In God I don’t trust
By Eveliina Niva
One cold Finnish winter day, at about 6 or 7 years old, I asked my mother why my uncle wasn’t getting married in a church. We were standing outside the building where the wedding was about to take place. She looked at me with a concerned gaze in her eyes. But the concern wasn’t for me, it was concern that someone had heard me.
Kneeling down, she grabbed my hands and told me that his future wife was different from us. I didn’t understand back then, but now I do. Finland, where I was born and lived until the age of 8, is a Lutheran country. There is a tradition that grants you entry into the church. The summer of the year children turn 15, they attend a week-long camp where they and their friends learn about Jesus and the bible. If this camp is not attended, that child is not a member of the church, and therefore cannot get married in one. My uncle is a member, but his wife is not, and so they were married in an old building with the help of a non-religious officiant.
When I lived in Brazil from the ages of 8 to 12, the cruel nickname given to me was “monkey.” This was not due to my skin color or hair — I am Caucasian and blonde. This was the result of my expression of my belief in evolution. My classmates decided that since I believed in this, I was a monkey, whereas they were God’s children. I remember the first time I was called that, all I felt was pure anger. Not at the boy who called me this name, but at the system which allowed him to ignore scientific facts.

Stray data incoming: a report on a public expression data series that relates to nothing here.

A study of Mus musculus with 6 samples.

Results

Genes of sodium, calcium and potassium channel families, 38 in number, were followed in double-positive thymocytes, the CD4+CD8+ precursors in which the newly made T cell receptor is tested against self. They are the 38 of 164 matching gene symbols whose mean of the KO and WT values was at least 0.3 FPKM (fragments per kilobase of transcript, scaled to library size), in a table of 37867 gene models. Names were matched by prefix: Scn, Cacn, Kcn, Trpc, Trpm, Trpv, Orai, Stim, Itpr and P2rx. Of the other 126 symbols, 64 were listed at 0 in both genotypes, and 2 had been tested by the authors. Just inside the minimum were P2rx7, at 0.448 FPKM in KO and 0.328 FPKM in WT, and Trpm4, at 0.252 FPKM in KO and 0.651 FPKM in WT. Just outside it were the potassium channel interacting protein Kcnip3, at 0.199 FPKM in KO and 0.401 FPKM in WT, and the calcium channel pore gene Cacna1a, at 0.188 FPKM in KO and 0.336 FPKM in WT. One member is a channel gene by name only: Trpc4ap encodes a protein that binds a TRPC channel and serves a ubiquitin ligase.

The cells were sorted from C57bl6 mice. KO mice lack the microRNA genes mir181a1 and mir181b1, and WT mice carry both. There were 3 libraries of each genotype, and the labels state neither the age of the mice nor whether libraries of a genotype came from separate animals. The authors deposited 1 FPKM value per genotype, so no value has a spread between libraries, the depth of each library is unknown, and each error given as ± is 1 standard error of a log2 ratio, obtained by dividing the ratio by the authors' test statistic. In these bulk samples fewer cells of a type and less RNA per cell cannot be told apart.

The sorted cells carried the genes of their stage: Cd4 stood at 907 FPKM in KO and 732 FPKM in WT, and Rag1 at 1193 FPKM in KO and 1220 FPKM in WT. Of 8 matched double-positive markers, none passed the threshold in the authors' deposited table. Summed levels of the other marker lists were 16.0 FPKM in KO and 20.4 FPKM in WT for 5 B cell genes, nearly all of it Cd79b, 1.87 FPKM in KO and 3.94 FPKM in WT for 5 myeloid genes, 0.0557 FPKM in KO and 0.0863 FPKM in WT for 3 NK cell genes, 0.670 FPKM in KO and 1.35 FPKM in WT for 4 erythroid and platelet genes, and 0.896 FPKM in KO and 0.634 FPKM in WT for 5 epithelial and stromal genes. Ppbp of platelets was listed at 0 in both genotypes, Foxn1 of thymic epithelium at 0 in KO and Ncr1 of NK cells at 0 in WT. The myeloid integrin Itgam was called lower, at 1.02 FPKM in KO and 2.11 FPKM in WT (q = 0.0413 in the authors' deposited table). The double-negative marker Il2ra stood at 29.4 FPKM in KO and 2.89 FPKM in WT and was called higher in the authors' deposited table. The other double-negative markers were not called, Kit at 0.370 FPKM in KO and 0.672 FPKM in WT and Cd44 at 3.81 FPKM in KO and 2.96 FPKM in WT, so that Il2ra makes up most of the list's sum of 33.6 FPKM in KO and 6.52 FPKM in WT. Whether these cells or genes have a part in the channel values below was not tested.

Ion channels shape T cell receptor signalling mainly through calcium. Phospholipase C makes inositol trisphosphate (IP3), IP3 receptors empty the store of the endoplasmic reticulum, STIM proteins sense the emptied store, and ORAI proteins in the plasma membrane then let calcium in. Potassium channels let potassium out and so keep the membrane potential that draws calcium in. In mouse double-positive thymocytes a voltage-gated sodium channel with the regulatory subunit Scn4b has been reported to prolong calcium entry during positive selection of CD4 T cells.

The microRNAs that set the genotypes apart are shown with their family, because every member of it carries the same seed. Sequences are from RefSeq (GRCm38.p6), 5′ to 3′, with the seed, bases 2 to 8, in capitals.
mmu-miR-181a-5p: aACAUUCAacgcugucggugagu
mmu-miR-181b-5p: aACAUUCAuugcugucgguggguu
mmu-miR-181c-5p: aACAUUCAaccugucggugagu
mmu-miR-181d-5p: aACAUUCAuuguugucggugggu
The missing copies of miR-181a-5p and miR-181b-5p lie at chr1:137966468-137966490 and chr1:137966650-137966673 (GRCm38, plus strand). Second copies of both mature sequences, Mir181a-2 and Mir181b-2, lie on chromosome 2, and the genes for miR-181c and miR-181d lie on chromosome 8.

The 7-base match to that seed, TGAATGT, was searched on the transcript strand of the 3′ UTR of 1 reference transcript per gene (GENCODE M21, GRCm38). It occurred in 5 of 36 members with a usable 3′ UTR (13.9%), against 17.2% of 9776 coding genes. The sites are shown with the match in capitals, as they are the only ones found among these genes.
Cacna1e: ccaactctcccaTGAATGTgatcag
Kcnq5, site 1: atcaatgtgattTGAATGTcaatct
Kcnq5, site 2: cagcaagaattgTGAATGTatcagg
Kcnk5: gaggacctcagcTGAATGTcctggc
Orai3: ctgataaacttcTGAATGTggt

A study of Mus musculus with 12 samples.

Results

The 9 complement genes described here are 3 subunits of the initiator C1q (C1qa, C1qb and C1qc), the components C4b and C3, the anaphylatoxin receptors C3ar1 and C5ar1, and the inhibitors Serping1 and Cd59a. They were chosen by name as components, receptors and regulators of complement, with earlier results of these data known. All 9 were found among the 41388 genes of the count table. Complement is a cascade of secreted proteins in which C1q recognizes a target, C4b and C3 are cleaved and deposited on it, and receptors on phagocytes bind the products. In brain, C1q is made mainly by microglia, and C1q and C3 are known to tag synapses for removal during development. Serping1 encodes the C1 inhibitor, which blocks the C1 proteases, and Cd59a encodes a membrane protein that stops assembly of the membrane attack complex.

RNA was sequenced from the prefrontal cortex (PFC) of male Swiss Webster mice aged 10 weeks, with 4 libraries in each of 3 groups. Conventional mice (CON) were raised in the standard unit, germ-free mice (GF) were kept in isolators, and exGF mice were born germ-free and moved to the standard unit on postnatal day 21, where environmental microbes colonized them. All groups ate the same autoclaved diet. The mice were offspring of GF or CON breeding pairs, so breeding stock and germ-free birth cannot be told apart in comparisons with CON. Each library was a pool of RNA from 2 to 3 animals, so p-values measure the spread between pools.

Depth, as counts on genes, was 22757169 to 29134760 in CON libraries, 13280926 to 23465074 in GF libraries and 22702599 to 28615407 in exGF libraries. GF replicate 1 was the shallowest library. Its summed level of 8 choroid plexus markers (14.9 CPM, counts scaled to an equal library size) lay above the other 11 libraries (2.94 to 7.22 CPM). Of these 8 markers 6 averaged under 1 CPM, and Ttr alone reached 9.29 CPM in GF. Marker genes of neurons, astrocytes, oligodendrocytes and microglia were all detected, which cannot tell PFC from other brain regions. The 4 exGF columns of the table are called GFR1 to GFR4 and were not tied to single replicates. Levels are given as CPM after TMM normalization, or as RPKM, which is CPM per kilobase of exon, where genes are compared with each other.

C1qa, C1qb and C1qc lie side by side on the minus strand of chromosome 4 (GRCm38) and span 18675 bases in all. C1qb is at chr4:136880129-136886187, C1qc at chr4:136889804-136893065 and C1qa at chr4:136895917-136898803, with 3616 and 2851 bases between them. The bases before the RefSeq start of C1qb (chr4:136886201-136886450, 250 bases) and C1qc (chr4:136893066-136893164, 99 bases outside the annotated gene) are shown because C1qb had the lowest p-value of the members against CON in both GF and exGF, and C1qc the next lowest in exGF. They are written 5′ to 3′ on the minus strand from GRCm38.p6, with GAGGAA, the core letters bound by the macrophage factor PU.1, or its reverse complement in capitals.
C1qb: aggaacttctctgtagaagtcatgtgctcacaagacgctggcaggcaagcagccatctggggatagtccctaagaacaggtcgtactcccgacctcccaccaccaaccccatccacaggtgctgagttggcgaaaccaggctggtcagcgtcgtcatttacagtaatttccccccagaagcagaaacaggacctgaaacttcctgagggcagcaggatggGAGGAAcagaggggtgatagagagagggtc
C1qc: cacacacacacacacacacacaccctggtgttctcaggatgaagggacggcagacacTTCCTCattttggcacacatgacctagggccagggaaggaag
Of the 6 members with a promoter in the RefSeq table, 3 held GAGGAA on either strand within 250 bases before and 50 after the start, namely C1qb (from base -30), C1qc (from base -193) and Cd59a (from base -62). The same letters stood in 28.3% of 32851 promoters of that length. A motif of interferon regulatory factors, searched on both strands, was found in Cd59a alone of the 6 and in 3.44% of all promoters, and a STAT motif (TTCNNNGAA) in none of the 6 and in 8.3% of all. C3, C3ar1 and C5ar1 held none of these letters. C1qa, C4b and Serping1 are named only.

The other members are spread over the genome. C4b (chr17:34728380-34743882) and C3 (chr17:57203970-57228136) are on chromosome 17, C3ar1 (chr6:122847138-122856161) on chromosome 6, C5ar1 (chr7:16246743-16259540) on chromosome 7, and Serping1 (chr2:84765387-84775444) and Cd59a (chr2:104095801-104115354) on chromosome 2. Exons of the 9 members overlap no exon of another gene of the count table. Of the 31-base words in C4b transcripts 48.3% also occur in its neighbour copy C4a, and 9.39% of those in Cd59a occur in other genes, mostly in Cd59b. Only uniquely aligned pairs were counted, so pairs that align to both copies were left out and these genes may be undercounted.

In the summer of 2013, I moved to the Bay Area in California. Finally, I was in a place that did not constantly shove religion down my throat, or tell me that I am useless because of my beliefs. Yet, all throughout high school, I saw the claws of religion grip into the government.
As Donald Trump became president my sophomore year, all I could think about was the fact that my rights as a woman were about to be dismissed. The rights of non-binary, transgender, homosexual people were about to be dismissed, and not because of a president, but because of a 2,000-year-old book. A book which taught humanity that women are inferior to men. A book that evolved into an entire religion against the basic human rights of every person on this planet, a religion that hangs over our heads every day. A separation of church and state is supposed to be in order, yet in some places it is deemed un-Christian-like to use contraception or get an abortion when you cannot afford to have a child. What happened to the freedom of choice? What happened to liberty?
“God” is still everywhere. We say his name in the Pledge of Allegiance. Money declares “In God We Trust.” Almost every state constitution somehow references God. Religion and government are intertwined with each other, even though so many of us, including myself, have feared for our lives and rights because of religion. Personally, I respect everyone’s right to their beliefs, but the moment someone’s beliefs begin to negatively impact my life is the moment I lose respect.
Eveliina Niva, 20, attends the University of California, Santa Barbara.
“I was born in Finland, moved to Brazil at the age of 8, and then to California at the age of 12,” Eveliina writes. “I love to travel and have visited over 15 countries with my family. In the future, I want to earn a Ph.D. in an anthropological field, and teach anthropology and/or archaeology at a college or university.”